The September 11th terrorist attack on the World Trade Center has affected every community of our City in all five boroughs. We have suffered the loss of our loved ones, neighbors, and more than 400 heroes who gave their lives to save others. Even as we continue to mourn, we must move beyond the pain and deal realistically with the job that lies ahead. My “Plan for Today – and Blueprint for Tomorrow” is designed to build for the future, create jobs and improve our quality of life. The entire plan can be seen on

In rebuilding lower Manhattan, we must leverage all possible federal resources. We need to justify and monitor every expense, and to be in control of our own destiny. We do not need another bureaucratic agency, nor can we afford the State's administrative fees, which could run into the hundreds of millions of dollars. In partnership with private developers, we should hold a design competition of the best and brightest architects and city planners. We cannot just try to replicate what there was before, but look forward to support new industries. Why not a biotech complex, information technology center, fashion industry metroplex?

Addressing the loss of public transportation in Lower Manhattan is critical, and the expanded use of ferries and bus service is our best, least expensive short-term option. Citywide, the redevelopment of Penn Station, the Hub in the Bronx, and Atlantic Avenue in Brooklyn, the extension of the #7 line, and the Second Avenue subway, are projects that must move forward as quickly as funding is identified. Additionally, the State must pass legislation to allow expanded use of technology, including cameras to improve pedestrian and vehicle flow.

To facilitate private-sector job creation, we must, first and foremost, balance our budget. The most immediate challenge is funding the projected shortfall, avoiding bond covenant violations, and preventing a takeover by the Financial Control Board. Midterm objectives include finding alternative revenue sources and reducing expenditures. Long term, we need to grow revenue and improve the productivity of municipal government.

Raising taxes is not an option. Higher taxes deter businesses from moving into the City and drive away those already here. The net effect of almost any tax increase would be less revenue. Since half of all City expenses are labor, and the other half are fixed, we have no choice but to reduce personnel costs, focusing on a temporary hiring freeze, attrition and voluntary retirements. A cost-reduction “partnership” with municipal unions, using the right gain-sharing structure, will allow us to do much more with less. Additionally, we must seek legislative relief to allow refinancing of debt and we should investigate innovative bonding opportunities.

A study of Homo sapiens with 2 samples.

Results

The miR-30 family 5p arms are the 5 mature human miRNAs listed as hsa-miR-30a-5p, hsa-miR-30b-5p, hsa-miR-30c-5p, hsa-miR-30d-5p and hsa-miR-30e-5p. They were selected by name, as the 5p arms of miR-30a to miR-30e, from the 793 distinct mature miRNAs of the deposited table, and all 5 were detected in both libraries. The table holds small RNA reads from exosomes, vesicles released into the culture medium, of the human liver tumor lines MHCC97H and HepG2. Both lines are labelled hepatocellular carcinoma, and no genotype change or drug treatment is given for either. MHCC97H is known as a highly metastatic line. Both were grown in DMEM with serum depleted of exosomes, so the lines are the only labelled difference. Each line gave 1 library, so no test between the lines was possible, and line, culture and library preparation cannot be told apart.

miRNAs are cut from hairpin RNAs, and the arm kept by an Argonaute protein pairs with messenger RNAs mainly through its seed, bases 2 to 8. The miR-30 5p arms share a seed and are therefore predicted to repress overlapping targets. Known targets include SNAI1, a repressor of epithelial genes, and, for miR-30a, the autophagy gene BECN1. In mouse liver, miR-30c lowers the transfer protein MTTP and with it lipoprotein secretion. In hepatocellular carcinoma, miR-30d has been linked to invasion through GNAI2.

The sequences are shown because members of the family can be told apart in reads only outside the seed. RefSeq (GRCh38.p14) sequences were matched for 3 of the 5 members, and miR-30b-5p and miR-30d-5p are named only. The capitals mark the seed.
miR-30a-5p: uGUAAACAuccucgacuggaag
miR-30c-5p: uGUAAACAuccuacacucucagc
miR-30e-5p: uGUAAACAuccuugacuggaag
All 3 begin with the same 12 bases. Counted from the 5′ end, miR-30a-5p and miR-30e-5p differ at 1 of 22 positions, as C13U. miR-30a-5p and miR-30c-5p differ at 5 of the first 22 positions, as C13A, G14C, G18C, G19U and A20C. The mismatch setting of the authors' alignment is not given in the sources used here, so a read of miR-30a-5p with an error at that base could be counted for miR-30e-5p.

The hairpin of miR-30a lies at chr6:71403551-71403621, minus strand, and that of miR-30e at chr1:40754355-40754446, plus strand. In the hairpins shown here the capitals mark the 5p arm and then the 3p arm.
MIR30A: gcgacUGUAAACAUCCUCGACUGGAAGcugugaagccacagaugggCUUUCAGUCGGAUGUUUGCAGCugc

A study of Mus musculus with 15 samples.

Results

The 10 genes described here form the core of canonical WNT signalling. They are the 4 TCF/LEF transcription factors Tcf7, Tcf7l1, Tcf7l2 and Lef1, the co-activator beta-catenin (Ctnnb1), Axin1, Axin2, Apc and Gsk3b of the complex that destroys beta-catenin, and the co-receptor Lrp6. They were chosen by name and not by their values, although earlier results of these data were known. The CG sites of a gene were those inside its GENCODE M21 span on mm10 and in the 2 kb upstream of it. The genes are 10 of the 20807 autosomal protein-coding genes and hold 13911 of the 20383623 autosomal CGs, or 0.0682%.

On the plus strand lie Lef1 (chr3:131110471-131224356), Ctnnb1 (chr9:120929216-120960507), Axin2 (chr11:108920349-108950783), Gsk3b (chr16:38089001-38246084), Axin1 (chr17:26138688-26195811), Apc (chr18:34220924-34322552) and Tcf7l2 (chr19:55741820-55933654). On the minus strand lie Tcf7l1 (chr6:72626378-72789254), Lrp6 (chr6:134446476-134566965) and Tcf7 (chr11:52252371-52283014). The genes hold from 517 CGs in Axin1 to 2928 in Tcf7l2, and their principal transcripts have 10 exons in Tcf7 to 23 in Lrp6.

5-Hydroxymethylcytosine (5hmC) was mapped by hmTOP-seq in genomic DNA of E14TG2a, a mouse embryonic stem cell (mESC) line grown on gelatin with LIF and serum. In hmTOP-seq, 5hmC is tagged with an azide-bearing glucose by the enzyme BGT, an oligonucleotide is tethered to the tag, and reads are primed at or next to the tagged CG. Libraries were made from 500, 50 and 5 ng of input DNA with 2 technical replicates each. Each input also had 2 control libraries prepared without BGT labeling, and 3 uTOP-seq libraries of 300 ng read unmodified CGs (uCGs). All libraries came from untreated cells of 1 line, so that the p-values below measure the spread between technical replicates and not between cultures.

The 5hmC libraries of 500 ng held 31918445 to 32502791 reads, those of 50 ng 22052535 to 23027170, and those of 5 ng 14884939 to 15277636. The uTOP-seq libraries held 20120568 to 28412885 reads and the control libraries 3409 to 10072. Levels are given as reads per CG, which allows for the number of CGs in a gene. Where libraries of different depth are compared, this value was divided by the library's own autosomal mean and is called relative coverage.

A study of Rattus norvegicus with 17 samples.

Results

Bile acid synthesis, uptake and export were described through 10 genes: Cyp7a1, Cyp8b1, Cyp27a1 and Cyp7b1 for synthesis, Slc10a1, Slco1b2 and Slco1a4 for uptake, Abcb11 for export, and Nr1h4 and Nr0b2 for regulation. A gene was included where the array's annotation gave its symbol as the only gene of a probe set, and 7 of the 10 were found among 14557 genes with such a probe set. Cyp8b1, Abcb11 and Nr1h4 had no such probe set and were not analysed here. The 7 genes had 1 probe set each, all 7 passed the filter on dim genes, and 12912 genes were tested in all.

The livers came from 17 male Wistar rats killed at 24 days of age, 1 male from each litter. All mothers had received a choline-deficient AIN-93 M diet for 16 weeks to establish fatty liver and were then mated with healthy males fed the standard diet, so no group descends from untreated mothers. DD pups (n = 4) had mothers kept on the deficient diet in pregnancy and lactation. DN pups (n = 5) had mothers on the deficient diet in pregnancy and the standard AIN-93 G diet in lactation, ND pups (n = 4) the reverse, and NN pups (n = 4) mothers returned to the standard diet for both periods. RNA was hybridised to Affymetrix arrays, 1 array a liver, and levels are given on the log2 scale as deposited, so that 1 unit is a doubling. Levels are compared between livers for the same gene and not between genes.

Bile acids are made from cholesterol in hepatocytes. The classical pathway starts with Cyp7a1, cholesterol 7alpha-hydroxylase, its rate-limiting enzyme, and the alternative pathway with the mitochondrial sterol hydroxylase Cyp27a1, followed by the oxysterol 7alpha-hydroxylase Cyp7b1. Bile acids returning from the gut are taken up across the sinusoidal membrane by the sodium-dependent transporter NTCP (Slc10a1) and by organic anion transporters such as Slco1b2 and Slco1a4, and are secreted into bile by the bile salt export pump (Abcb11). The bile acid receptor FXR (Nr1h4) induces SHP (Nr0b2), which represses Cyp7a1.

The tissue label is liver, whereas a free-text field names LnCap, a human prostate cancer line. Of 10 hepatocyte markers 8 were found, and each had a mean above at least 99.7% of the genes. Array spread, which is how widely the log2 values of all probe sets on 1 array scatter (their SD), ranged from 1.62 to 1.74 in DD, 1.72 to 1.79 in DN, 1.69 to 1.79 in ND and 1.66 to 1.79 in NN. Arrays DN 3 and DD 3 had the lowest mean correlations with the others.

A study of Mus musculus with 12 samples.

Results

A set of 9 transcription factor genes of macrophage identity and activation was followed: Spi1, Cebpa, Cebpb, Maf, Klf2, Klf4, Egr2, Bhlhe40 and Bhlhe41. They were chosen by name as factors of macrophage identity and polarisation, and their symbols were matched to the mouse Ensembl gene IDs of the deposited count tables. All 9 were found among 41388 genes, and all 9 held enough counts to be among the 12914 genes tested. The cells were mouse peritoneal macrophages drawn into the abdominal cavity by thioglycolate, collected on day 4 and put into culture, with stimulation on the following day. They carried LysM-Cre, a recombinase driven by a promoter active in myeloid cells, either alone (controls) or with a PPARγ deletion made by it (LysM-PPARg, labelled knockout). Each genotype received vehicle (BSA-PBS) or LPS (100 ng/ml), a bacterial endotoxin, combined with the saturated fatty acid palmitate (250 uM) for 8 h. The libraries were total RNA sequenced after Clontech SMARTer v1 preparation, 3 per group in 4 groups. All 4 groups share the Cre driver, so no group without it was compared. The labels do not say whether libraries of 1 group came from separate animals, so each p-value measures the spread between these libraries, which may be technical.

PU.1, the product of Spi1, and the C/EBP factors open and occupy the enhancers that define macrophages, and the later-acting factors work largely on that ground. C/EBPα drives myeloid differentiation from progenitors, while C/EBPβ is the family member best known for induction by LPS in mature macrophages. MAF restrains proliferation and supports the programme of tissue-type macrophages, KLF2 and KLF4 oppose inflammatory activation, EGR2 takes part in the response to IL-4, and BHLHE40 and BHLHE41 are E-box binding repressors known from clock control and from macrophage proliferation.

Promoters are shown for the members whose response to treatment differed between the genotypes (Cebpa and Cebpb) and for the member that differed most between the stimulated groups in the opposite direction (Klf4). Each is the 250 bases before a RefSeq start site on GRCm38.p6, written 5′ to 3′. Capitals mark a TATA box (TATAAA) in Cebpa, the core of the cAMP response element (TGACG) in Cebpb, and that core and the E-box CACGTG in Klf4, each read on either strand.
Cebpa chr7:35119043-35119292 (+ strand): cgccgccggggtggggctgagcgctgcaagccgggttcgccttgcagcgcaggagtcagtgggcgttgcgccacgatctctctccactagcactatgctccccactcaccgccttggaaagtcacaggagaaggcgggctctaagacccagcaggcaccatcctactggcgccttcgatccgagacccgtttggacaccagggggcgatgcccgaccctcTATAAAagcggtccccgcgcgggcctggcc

Job Creation is the next Mayor's top priority. He must persuade companies to commit to having a greater percentage of employees in the City two years from now than they do today, as Bloomberg L.P. has done, and look to our Boroughs and businesses unharmed by the disaster to provide office space, while we rebuild. We must spur private sector growth through public/private partnership, amending zoning regulations and upgrading the building codes to facilitate mixed-use development. Government must be an innovator, not a regulator. We can relocate government offices throughout the five boroughs to make room for private sector employers in Manhattan and Downtown Brooklyn, and at the new locations, we can open Government Help Centers to improve services in every community.

The lifeblood of this City's economy is small business. Many of whom operate on our commercial strips like Eliot Avenue, Metropolitan Avenue, Grand Avenue and Woodhaven Blvd. Half of the employed population works at companies of 10 people or less. Low-cost Small Business Association loans and small cash grants from foundations are desperately needed by businesses devastated by the recent disaster. A grace period on rent payments offered by landlords and encouraged by tax incentives would also help. Additionally, existing tax incentives should be amended to support small business, not just large, property-owning concerns.

The final piece is of course continuing to improve our quality of life. The single most important economic development asset we have is New Yorkers. Companies come here and stay here because of the superiority of our workforce. We must ensure that the best and brightest continue to want to live in New York City. That means focusing on public safety, education, housing, health care and seniors.

While remaining cognizant of the need to rebuild, we must also remember to focus on local community needs and concerns. The Juniper Park Civic Association has been a leading organization to help focus on quality of life issues. The 104th Police precinct has unique problems that must be addressed. The Police response time must be lowered. Mayor Giuliani has been an accessible and an accountable Mayor. My vision of Government is accessibility and accountability. I will work with Juniper Park Civic Association and all civic associations to help improve our quality of life.

By building for the future, creating jobs and improving our quality life, we can make New York even stronger than it was before September 11th and create a brighter future for all New Yorkers in every borough.